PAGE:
Monday morning was chilly and bright, perfect autumn conditions for Veterans Day celebrations in front of American Legion Mitchell Post 281 in the Center.
A long, double line of children stretched from the flag pole where Legion Commander Dave Clark gently gave instructions to the youngsters holding a section of Old Glory. He hitched the flag to ropes and handed them to another set of older children who pulled.
The large flag slipped through the children’s hands and rose slowly, finding a breeze, unfurling and straightening against the cloudless blue sky. Bells from the Shelter Island Presbyterian Church tolled the 10 o’clock hour through the silence.
Veterans Day ceremonies are simple, poignant and moving on Shelter Island, and Monday’s version followed tradition, as Islanders of all ages gathered to remember those from their hometown who served in the military, and all the others in hometowns across the nation.
St. Mary’s Episcopal Church Pastor Charles McCarron gave an invocation and listed those veterans who have passed away since last year’s Veteran’s Day: Alexander Budd, George Walsh and Reverend Canon Paul Wancura.
After Islander Linda Bonnocorso gave a soaring rendition of the National Anthem, Pam Jackson, treasurer of the American Legion Auxiliary, spoke about “all the things in life that are important — health, family and faith — cannot survive without help and hard work … We have freedom and life is abundant and we have seen, in these troubled times, that freedom without fear is vulnerable. We cannot take our freedom for granted.”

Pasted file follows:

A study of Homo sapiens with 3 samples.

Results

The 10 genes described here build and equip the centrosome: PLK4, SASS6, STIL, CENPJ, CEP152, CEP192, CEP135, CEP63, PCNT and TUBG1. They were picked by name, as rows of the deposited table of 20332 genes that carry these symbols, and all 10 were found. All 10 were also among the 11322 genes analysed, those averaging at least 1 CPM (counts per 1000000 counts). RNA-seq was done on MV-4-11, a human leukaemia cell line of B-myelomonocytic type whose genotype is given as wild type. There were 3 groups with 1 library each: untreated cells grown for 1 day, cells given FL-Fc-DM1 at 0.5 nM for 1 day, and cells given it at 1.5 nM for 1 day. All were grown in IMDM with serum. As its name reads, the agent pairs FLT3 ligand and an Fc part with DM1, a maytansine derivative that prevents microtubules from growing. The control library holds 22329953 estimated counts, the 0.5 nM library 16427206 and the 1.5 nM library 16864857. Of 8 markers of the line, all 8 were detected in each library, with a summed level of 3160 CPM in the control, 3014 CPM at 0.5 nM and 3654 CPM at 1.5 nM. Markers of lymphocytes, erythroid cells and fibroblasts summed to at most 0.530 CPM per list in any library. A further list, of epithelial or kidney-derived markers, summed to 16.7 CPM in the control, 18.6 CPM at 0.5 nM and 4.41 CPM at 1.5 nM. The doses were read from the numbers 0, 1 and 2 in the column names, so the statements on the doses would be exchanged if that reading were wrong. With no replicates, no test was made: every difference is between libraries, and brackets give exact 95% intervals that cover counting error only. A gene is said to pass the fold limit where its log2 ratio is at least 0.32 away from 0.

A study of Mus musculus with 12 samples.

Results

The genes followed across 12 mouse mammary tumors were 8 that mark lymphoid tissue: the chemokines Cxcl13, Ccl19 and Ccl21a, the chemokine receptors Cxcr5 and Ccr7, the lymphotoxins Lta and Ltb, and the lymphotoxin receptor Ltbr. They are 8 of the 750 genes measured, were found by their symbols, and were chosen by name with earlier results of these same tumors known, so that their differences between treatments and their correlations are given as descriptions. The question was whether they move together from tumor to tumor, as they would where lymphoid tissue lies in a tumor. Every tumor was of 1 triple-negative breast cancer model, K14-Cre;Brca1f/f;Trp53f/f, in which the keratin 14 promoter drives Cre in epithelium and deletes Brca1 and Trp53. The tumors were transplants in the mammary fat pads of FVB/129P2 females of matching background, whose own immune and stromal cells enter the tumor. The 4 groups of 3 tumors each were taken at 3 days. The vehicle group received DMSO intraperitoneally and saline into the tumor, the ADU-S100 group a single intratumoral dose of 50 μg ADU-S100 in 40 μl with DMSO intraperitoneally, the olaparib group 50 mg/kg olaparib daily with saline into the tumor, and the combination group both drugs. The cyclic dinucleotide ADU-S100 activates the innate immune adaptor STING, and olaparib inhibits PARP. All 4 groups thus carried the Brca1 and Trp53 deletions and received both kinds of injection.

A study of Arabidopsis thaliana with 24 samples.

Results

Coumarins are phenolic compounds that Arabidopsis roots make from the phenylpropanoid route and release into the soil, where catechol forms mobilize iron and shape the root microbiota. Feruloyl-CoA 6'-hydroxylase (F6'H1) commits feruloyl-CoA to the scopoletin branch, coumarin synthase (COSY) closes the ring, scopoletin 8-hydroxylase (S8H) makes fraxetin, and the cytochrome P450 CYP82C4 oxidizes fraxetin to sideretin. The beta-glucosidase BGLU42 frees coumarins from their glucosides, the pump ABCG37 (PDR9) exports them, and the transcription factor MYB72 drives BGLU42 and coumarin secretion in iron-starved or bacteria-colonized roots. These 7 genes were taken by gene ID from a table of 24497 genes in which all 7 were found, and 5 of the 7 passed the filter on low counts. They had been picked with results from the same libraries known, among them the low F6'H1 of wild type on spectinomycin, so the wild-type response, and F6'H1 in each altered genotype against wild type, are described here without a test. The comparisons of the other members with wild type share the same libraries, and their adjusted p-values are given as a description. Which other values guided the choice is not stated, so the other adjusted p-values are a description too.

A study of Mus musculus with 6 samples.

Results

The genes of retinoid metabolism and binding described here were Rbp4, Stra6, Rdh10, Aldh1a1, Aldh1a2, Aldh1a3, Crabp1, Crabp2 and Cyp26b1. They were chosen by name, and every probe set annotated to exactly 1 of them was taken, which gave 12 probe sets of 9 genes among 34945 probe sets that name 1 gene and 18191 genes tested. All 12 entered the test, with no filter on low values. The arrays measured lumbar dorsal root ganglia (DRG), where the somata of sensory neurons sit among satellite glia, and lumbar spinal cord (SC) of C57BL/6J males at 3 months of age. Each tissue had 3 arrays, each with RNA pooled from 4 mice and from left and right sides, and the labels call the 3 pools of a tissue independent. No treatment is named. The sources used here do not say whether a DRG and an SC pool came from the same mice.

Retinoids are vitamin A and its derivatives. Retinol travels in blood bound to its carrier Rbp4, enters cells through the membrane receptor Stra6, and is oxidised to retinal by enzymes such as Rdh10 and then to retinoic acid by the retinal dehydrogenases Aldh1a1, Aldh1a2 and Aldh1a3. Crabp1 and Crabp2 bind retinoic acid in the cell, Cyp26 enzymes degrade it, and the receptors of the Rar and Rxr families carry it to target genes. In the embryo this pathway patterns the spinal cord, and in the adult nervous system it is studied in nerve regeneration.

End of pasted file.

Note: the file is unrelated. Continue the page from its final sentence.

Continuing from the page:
Veterans, she noted, have sacrificed many things, “Some gave their lives. Some came home broken.”
Ms. Jackson quoted Theodore Roosevelt, who said that veterans “by their lives, by the record of their deeds, teach us in more practical fashion than can be taught by any preaching …”
She asked that veterans receive “our support and love. They need to be reassured and respected and given opportunities and a life upon returning home.”
Councilman Jim Colligan, a Vietnam veteran, gave the keynote address. Mr. Colligan said that ceremonies this year marked the 100th anniversary of the end of World War I.
“Shelter Island sent 65 men and one woman, Army Nurse Gertrude Clark, off to war,” he said. “The Town of Shelter Island erected the monument across the street on school grounds to honor the town’s World War I veterans.”
Mr. Colligan remembered his own service and homecoming, mentioning that the treatment of returning vets has improved over the last couple of decades.
After noting that there are 18.5 million American veterans, he said that his message to his fellow Islanders is “not to focus merely on history and statistical data, but to look at things that we can do to demonstrate our appreciation to the veterans and active military that continue to serve our country.”
He identified several steps to show appreciation for the veterans among us, including showing up for Veterans Day and Memorial Day ceremonies and other special events; express appreciation for a veteran’s service and ask them about their experiences “and be patient and understanding;” hire veterans when the opportunity arises; and support the Joseph J. Theinert Memorial Fund “to raise money for student scholarships, community organizations for active veteran groups and Gold Star Families.”
In closing, Mr. Colligan said, “Our young men and women need our help and we need to ensure that our political leaders understand their role in making medical care [for them] a top priority.”
The ceremonies then concluded with voices raised in song. Led by Shelter Island School’s Select Choir members Jennifer Lupo, Abby Kotula, Lyng Coyne and Amelia Clark, those gathered around the flagpole joined the choir’s young voices in “God Bless America.”